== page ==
Protein is an important macronutrient and an essential building block for your entire body. It’s found in virtually every part of your body; including muscles, bones, cartilage, skin and hair. And the human body relies on a minimum of 10,000 different proteins to function properly!
Why is Protein Important?
Protein itself consists of 20 or so basic building blocks called amino acids. Unlike fat and carbohydrates, your body doesn’t store amino acids. They are either produced from scratch or come from amino acids in the food you eat. Of the 20 amino acids, there are nine essential amino acids that are not made by the body and can only come from diet. That is why it is so important to get adequate protein in your diet.
The body needs protein to build, maintain and repair bones, muscles, skin and tissue. People who eat more protein tend to maintain bone mass better as they age, reducing their risk of osteoporosis and fractures. Many studies show eating plenty of protein helps increase muscle mass and strength. This is especially important when you’re strength training and exercising; a recommended part of most weight loss regimens.
Protein is the primary component of enzymes that power many chemical reactions and hemoglobin, a protein compound in red blood cells that carries oxygen throughout your body, supplying it with important nutrients.
About 50% of the dietary protein you consume daily is used to make enzymes, which aids in digestion and formation of new cells and body chemicals.
Protein plays a key role in hormone regulation, especially during puberty when cells are undergoing transformation and development.
Several studies have shown increasing dietary protein reduces late-night snacking and food cravings. This is likely due to protein’s positive impact on the brain hormone dopamine, which regulates cravings and addictions.
A review of 40 controlled studies found increased dietary protein lowered blood pressure, while one study found it also reduced bad (LDL) cholesterol and triglycerides.
Does Protein Give You Energy?
Not consuming enough protein during the day is one reason you may feel fatigued. Protein calories are used as an energy source when the body lacks fat or carbohydrate calories for fuel. Protein takes longer than carbohydrates to break down, so it provides a longer-lasting source of energy.
Protein and Weight Loss
Research consistently shows that high-protein diets increase satiety and decrease hunger compared to high-fat or high-carbohydrate diets. Protein reduces the level of the hunger hormone ghrelin, while boosting levels of peptide, a hormone that makes you feel full. In addition, protein boosts your metabolism and increases the number of calories you burn. This is due to its higher thermic effect of food (TEF). TEF is the increase in your metabolic rate after you eat food.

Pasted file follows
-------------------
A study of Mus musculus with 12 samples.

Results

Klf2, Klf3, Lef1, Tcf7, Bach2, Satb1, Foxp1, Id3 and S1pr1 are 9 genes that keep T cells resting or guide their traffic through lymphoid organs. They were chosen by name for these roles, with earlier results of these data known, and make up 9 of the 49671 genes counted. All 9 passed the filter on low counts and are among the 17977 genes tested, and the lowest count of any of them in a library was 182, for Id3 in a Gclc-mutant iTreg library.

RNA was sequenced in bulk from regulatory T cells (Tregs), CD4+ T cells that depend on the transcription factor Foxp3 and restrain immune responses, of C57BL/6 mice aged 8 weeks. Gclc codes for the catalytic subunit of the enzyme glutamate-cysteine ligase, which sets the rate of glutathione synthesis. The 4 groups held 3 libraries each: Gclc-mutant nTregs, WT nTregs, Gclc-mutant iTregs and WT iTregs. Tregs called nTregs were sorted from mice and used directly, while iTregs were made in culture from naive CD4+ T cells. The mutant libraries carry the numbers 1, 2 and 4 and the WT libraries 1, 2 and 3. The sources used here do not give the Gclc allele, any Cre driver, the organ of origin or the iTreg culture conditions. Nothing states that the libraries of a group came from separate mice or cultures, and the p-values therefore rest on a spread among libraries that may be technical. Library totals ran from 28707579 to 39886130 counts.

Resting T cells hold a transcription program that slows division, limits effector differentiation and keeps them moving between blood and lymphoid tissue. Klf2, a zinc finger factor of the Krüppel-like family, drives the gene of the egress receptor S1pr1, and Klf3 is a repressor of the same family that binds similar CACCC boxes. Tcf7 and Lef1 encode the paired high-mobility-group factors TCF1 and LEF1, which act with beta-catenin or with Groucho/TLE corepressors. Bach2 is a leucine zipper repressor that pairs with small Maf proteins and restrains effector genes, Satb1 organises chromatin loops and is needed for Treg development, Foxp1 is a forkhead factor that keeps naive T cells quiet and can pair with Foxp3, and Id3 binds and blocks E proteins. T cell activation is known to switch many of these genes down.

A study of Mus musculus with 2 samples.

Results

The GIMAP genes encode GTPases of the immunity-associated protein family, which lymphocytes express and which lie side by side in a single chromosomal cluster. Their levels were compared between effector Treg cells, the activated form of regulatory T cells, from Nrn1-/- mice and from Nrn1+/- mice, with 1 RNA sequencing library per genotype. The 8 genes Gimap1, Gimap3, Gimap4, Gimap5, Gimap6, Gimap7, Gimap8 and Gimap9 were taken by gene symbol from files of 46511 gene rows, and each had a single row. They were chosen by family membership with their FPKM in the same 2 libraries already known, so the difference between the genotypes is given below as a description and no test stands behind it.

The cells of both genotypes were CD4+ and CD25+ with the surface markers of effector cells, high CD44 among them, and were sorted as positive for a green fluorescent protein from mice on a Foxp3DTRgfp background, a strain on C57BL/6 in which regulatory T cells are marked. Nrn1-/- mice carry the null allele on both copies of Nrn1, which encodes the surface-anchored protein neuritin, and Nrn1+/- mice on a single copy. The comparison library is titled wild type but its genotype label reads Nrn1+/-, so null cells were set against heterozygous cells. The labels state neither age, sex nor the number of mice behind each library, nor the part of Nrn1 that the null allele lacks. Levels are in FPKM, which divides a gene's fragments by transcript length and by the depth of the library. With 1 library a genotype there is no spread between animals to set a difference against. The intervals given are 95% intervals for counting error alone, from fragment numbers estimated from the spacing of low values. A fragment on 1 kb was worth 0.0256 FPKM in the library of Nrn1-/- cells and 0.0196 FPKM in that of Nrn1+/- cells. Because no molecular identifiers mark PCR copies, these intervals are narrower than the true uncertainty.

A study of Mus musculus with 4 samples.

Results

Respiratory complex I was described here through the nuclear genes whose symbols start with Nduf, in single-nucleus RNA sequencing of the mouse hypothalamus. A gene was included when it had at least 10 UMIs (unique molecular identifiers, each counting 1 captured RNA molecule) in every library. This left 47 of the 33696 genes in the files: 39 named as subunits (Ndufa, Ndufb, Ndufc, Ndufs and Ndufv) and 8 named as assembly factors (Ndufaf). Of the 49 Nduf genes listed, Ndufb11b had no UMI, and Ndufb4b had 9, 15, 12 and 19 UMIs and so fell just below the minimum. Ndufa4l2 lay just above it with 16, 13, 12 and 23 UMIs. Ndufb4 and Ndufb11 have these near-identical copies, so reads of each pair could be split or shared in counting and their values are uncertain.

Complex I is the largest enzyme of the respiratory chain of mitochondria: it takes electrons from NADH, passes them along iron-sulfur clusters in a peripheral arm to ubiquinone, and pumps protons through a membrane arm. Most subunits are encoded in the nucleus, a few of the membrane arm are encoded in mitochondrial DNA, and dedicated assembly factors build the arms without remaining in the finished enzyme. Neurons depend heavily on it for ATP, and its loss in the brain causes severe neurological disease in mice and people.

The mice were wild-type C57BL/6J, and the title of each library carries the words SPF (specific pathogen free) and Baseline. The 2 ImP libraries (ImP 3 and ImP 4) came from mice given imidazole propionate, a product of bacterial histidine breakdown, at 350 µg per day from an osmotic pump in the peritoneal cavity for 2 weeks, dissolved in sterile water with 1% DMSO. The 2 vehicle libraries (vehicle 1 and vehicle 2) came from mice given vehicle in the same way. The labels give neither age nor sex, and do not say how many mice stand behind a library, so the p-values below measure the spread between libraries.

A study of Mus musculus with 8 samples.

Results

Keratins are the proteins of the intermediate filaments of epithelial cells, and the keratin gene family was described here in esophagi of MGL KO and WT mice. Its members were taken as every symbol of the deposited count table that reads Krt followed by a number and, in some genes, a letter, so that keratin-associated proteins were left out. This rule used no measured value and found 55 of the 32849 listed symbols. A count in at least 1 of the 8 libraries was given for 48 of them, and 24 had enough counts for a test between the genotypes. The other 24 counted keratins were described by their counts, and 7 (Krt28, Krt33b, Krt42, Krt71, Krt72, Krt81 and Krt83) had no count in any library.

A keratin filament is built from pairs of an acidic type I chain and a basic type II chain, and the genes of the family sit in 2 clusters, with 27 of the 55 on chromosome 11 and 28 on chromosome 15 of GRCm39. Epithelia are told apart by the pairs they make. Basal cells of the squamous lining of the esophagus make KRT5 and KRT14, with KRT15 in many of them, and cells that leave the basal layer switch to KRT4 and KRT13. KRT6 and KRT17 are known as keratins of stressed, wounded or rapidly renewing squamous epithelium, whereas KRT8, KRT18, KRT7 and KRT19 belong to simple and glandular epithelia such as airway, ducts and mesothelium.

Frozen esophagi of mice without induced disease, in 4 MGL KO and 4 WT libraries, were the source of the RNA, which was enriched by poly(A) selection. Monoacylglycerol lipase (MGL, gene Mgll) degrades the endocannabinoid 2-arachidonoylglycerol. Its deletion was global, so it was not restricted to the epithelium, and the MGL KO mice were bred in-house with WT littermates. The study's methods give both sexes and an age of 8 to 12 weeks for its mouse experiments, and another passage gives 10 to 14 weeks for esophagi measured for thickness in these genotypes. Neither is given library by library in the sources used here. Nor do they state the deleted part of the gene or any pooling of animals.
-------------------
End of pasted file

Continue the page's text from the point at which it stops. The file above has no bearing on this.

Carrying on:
Several studies found the majority of people on high-protein diets consumed about 200 calories less per day, which likely explains some of the weight loss associated with this type of diet. In one study, increasing protein intake from 15% to 30% of calories resulted in overweight women eating 441 fewer calories a day without intentionally restricting any foods.
How Much Protein is Optimal For Weight Loss?
Recent research suggests 25 to 30 grams of protein per meal may help balance your appetite and increase the chance of sticking to a diet (but it also depends on your body size and how many times you eat).
Bottom line: Consuming adequate protein can help you shed weight but overdoing it can lead to weight gain. You still need to watch your total caloric intake and choose wisely, because some sources of protein are less healthy than others.
Healthy Sources of Protein
Sure, a delicious 4-ounce steak delivers a whopping 33 grams of protein, but it also has 5 grams of saturated fat. A 4-ounce piece of grilled sockeye salmon delivers 30 grams of protein and is a great source of heart-healthy omega-3 fats. This comparison is just one example of why it makes a difference to choose healthy sources of protein. Here are 10 healthy choices with grams of protein and calories:
- Broccoli (1 cup): 3 grams, 31 calories
- One large egg: 6 grams, 78 calories
- Almonds (1 oz.): 6 grams, 161 calories
- Quinoa (1 cup): 8 grams, 222 calories
- Protein shake (one serving): 15-20 grams, calories vary
- Non-fat greek yogurt (6 oz.) 17 grams, 100 calories
- Skinless turkey breast (3 oz.): 24 grams, 146 calories
- Cottage cheese (1 cup): 27 grams, 194 calories
- Roasted skinless chicken breast (3.5 oz.): 31 grams, 165 calories
- Canned tuna in water (6.5 oz. drained): 42.6 grams, 194 calories
The Lindora Clinic program follows a high protein, low carb diet, that facilitates weight loss. We also offer a variety of high protein, low carb healthy snacks to help you feel satisfied between meals, so you can continue to make healthy food choices. Our high-quality protein shakes, protein snacks and protein bars will help keep your metabolism burning between meals. Our Collagen Protein Dietary Supplement is a proprietary blend that leverages the health benefits of hydrolyzed beef collagen, whey protein isolate, Vitamins B12 and D3. Add this low-calorie supplement to smoothies or yogurt to help support your immune health and lean body mass!